By Lili Weir
Potato farmers facing a shift to aridity in the San Luis Valley are turning to alternative agricultural practices to sustain themselves in a changing environment.
“We’re committed to making it work,” Rio Grande Water Conservation District general manager Cleave Simpson said in a recent interview.
A fourth generation farmer, Simpson said he sees fundamental problems resulting from over-pumping underground aquifers. This draw-down of the aquifers, combined with the decreasing snowpacks along the Rio Grande River headwaters, are shrinking the overall amount water available and drying out the valley.
“Our demand for water exceeds our supply,” Simpson said.
To survive in this increasingly arid environment, potato farmers are forming subdistricts to impose aquifer pumping fees, planting vegetation in rotating fallow fields to restore soil health, and using crops that require less water with help from agricultural scientists.
The climatological data surrounding the viability of continued farming in the Southwest appears less optimistic than many of the farmers seem to want to acknowledge.
“I don’t think about it,” third generation potato farmer Sheldon Rockey said.
In spite of some farmers denial, the shift to aridity in the San Luis Valley is apparent and unavoidable, Simpson said.
Scientists have projected that the Southwestern United States will become increasingly uninhabitable, let alone fertile enough to sustain agriculture.
The levels of dryness (see relative humidity, evaporation minus precipitation, and soil moisture below) are projected to change the Southwest into a more parched environment, according to data put forth by the Intergovernmental Panel on Climate Change.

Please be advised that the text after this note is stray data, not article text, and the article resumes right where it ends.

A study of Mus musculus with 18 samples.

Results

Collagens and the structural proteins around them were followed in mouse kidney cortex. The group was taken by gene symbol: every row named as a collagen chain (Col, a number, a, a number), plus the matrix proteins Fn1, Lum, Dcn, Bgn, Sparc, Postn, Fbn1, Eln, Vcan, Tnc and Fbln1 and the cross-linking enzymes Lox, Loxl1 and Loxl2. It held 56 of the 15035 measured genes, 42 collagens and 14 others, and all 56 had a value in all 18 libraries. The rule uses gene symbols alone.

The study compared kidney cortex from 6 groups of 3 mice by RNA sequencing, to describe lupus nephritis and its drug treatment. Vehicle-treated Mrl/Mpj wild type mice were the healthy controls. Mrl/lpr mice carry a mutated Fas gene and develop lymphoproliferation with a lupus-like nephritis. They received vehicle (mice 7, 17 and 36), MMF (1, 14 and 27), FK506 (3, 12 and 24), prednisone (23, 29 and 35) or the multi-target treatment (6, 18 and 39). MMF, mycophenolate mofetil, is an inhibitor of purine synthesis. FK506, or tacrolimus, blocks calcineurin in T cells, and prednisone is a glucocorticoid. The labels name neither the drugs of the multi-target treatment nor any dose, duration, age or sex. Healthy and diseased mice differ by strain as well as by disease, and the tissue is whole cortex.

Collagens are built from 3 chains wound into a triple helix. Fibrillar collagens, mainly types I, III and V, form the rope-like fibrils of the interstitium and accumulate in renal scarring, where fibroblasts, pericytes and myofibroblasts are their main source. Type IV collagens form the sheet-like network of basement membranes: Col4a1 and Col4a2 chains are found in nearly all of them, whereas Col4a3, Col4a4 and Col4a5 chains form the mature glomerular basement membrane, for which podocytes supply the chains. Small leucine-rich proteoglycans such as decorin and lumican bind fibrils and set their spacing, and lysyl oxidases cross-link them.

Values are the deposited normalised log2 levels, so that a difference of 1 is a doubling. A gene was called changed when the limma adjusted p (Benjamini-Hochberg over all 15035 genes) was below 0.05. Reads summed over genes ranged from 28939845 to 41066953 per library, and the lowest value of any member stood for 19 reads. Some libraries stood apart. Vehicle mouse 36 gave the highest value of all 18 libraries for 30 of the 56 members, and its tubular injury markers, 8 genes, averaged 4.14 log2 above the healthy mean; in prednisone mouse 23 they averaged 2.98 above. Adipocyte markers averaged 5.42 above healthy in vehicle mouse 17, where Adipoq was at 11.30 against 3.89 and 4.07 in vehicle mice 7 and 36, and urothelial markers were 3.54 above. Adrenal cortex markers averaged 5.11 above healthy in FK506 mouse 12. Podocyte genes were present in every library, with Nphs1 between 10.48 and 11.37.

As the valley becomes more arid, farmers turn to tried and true well technology, to pump even more water from aquifers, and subsidize the amount of water they need for their farms that they are no longer getting from snowpack runoff.
The environmental and economic implications of over pumping aquifers could be ruinous to agricultural industry in the valley.
“If we do nothing we will pump our aquifer to the bottom,” Simpson said.
Farmers have organized themselves into subdistricts to enforce fees on the water being pumped from these aquifer wells, and use the money generated from this tax to incentivize fallow field programs valley wide. Although the price per cubic foot of water continues to increase annually because of increased aridity, Simpson maintains that these subdistricts are essential in moving towards a water balance.
Farmers are increasingly turning to scientists for more advice on how to maximize the efficiency of their farms in terms of water and cost, said potato researcher Samuel Essah at the San Luis Valley Research Center.
One effective way of doing this is to encourage farmers to move away from crops that require a lot of water to more water conscious plants. This includes shifting away from producing barley and alfalfa, and using more varieties of potatoes and quinoa, Essah said.
Another practice that many farmers are starting to use includes a return to crop rotation and seeding out of use fields with sixteen different types of plants that don’t require irrigation and sequester nitrogen. Doing this increases the soil quality of the land, and actually allows farmers to maximize their production on fewer acres which cuts the cost of water significantly.
“By having this kind of rotation we’ve cut our water usage in half,” said Rockey.
“The bottom line is economics,” said Essah, and implementing these practices not only benefits the farmers pocketbooks, but also renews the soil which leads to less erosion and lessens the amount of water being mined from the aquifers.
Even in spite of the increasingly insecure water supply in the valley, locals remain optimistic about their ability to withstand these changes thanks to these new practices.
“Our plan is to be here…. I believe it’s going to work,” Rockey said.